Kim Kozlowski
The Detroit News

Not living on the edge. Being a role model. Following your dreams.

These are some of the reasons cited by 85,000 Michigan residents as to why they have applied for the state's Futures for Frontliners scholarship — a program for essential workers to get free tuition to attend community college so they can expand their skills and earn higher wages.

Emily Benson, a single mother from Southgate, hopes the program will help her give her daughter a better life.

The program, announced in September by Gov. Gretchen Whitmer, is way of expressing gratitude to people who went to work to provide essential services while most residents stayed home at the beginning of the COVID-19 pandemic. It is modeled after the GI Bill that provided free college degrees to those who served the country during World War II.

Residents fromevery county in the state have submitted applications, with the highest number, 18,584, coming from Wayne County, followed by Macomb (8,341), Oakland (7,713) and Kent (6,305) counties.

As the Dec. 31 deadline approaches for Michigan residents to apply for the free program, state officials are highlighting residents who have shared why they applied. 

For Kristy Spakowski, a Saginaw single mother of four, free tuition "means more than any financial gain.” 

“It means that I can show my children that at 45 years old, it’s never too late to follow your heart," said Spakowski, who plans to return to school for nursing. "It means that I followed my dreams even when I didn’t think I could and still tried to make the world a better place by being a good nurse.”

For Detroit resident Nathaniel Hawkins, free tuition "means the world to me."

 “It would be a great opportunity to further my educational goals and to obtain a job in my area of study,"  said Hawkins, who is seeking a degree in criminal justice. "Paying tuition can be hard when you do not have the financial means.”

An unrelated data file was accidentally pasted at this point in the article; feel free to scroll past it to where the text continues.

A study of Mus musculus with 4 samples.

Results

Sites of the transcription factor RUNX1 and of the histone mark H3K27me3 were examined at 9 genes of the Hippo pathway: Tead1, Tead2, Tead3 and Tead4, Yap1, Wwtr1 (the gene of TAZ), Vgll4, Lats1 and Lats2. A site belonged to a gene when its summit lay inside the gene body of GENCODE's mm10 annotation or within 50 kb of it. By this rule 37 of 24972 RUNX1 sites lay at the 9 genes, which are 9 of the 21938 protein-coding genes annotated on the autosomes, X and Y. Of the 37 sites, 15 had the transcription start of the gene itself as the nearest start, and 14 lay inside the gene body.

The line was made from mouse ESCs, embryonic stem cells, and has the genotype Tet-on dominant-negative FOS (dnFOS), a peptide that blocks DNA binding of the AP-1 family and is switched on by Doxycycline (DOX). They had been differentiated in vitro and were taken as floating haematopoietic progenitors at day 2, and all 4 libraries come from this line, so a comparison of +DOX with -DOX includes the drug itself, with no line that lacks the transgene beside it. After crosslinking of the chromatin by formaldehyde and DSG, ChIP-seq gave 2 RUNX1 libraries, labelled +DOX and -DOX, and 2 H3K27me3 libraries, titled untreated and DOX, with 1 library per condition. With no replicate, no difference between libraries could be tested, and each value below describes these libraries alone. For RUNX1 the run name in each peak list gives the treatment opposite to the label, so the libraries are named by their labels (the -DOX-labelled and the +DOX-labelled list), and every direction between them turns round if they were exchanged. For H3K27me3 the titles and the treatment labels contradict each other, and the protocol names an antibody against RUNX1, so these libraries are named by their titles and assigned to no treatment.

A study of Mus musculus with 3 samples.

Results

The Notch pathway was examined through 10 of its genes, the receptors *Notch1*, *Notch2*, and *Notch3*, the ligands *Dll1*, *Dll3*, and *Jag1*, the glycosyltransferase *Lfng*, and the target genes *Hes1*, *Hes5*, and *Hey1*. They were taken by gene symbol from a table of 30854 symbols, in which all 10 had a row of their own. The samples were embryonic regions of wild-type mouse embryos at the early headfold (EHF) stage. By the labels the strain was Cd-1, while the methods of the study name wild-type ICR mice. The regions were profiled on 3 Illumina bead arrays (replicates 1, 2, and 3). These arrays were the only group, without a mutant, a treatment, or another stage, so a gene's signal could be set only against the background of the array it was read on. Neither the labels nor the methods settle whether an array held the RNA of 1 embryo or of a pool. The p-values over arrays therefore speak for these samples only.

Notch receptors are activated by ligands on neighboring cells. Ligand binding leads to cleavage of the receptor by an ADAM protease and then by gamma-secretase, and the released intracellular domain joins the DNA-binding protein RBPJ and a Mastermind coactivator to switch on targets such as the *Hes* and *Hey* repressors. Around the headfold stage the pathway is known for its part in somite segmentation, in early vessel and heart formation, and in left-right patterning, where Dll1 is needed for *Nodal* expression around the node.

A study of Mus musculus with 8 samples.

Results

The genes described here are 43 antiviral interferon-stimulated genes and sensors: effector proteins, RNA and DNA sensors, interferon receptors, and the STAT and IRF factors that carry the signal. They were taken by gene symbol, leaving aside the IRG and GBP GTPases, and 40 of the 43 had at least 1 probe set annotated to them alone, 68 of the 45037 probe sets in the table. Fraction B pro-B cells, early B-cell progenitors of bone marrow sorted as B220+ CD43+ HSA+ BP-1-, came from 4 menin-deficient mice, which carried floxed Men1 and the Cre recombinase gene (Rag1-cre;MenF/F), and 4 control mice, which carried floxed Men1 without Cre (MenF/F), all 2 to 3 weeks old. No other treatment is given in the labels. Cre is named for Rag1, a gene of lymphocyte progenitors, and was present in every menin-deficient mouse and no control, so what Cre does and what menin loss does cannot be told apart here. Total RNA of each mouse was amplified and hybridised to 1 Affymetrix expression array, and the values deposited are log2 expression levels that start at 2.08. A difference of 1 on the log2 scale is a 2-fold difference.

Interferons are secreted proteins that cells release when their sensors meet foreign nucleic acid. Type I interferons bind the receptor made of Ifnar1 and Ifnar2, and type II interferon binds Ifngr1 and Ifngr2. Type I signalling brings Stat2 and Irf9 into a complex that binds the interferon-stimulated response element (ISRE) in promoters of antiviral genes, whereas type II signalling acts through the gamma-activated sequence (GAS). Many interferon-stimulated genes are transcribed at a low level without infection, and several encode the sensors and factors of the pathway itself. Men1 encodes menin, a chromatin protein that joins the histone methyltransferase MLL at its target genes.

Southgate resident and single mother Emily Benson has been unable to complete school due to financial hardship. She said free tuition would give her a chance to finish her degree and give her daughter a better life.

“I would be setting an example that no matter what, it’s possible to achieve your goals.” said Benson.

More stories are featured on the Futures for Frontliners website, and frontline workers can submit their stories for a chance to be featured on the site and social media.

The $24 million program is the nation's first and only program to offer free tuition for frontline workers, according to Camara Lewis, spokeswoman for the Michigan Department of Labor and Economic Opportunity. 

It is funded by the Governor’s Education Emergency Relief Fund — part of the CARES Act, which assists businesses and families from the impacts of COVID-19.

It is among the state's programs to meet a goal of boosting the proportion of Michigan adults with a degree to 60% by 2030. Currently, 48% of residents have some type of postsecondary credential, Lewis said.

Michigan needs more residents with degrees to increase individuals' economic prosperity and make the economy stronger, state officials say.

"Futures for Frontliners has offered the opportunity for Michiganders, who have put themselves in harm’s way early in the pandemic, to pursue their dreams,” said Kerry Ebersole, senior adviser and director of  Michigan's Sixty by 30 office within LEO.

“This tuition-free path to continue educational attainment and training in high-demand areas not only offers increased wages for individuals, but also arms our businesses with the highly trained workforce they need to be competitive in today's economy."